Several new products aim to become part of our bedtime routine.

Do you ever have the urge to eat a little something, cozy up under a blanket, and sleep like a baby? The snack industry knows that you have. That's why it has settled on the promise of better sleep as a new marketing tool for its products.


Back in 2020, Pepsi jumped on the dream train by announcing the release of a new drink product called Driftwell. The beverage, which was essentially water with supposed sleep-boosting supplements, was set to launch in 2021 and was meant to help consumers de-stress and wind down before bed. CNBC reported that the drink would contain 200 milligrams of L-theanine, an amino acid also found in green tea, plus 10% of the recommended daily value of magnesium. Science has established a possible link between magnesium deficiency and sleep deprivation, though this remains contested among experts.


In February of this year, Post Consumer Brands announced it would be launching a pair of cereals called Sweet Dreams, meant to help consumers establish "healthy nighttime habits." The two varieties each contain lavender and chamomile, among other ingredients aimed at helping people get better sleep. However, The Washington Post points out that Sweet Dreams cereals contain as much as 13 grams of added sugar from cane sugar, corn syrup, "invert sugar," and molasses, which science has shown can actually be detrimental to sleep.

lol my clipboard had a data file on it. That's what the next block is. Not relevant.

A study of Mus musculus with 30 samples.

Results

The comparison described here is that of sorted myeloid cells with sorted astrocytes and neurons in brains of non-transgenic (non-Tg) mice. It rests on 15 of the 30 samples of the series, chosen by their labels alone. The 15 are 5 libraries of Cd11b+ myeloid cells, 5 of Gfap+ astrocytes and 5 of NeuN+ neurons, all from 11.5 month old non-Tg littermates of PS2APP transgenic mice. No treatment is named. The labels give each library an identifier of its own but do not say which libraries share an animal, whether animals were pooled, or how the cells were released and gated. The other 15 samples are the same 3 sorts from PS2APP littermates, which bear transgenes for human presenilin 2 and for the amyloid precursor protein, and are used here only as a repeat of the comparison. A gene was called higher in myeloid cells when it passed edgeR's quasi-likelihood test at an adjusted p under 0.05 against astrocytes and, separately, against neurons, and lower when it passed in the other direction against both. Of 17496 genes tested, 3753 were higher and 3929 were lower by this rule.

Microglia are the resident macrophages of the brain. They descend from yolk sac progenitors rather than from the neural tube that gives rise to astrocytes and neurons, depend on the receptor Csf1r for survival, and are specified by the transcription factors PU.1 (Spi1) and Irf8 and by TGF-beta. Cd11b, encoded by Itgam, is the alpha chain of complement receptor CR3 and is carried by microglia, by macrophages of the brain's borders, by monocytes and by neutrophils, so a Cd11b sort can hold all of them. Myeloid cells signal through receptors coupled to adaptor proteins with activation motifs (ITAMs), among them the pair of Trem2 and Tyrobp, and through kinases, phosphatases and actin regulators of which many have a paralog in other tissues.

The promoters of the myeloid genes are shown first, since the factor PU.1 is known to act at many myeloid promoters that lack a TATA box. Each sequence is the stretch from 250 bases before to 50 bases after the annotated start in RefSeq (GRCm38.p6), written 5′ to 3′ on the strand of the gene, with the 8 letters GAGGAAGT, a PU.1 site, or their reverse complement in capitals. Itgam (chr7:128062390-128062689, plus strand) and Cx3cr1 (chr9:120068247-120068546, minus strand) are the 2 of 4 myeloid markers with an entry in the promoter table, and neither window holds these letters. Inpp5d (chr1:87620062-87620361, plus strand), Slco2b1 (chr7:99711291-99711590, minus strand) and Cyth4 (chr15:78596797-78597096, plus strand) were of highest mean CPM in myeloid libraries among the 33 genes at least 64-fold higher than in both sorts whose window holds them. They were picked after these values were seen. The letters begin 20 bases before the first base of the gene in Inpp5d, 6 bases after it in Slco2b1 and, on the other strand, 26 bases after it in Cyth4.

The Washington Post also notes that experts are unclear whether the product will actually have more than a minor impact on sleep. So why promote a bedtime cereal line?

"It's a potential new eating occasion," Nicholas Fereday, executive director of food and consumer trends at investment firm Rabobank, told The Washington Post. "If they can somehow turn it into a ritual, and it becomes more habit rather than the occasional thing, they'll start getting their repeat purchases."


There are also plenty of "sleepy" chocolate brands out there containing similar ingredients that advertise themselves as helping consumers sleep more soundly. However, plenty of experts have long noted that eating too much at night or too close to bedtime can impede sleep rather than aid it.

Erin Hanlon, a research associate professor at the University of Chicago and behavioral neuroscientist who studies sleep, told The Washington Post that while it's fascinating to see companies marketing foods for a better night's sleep, a box of sugary cereal might not be the best strategy.

So maybe these brands want you to get a good night's rest, or maybe they just want you to incorporate a fourth (or fifth?) meal into your day by marketing it as a "healthy" choice, an optimization of your bedtime routine. Either way, not much has shown that these products deliver on their promise. Maybe it's all just a dream that won't come true.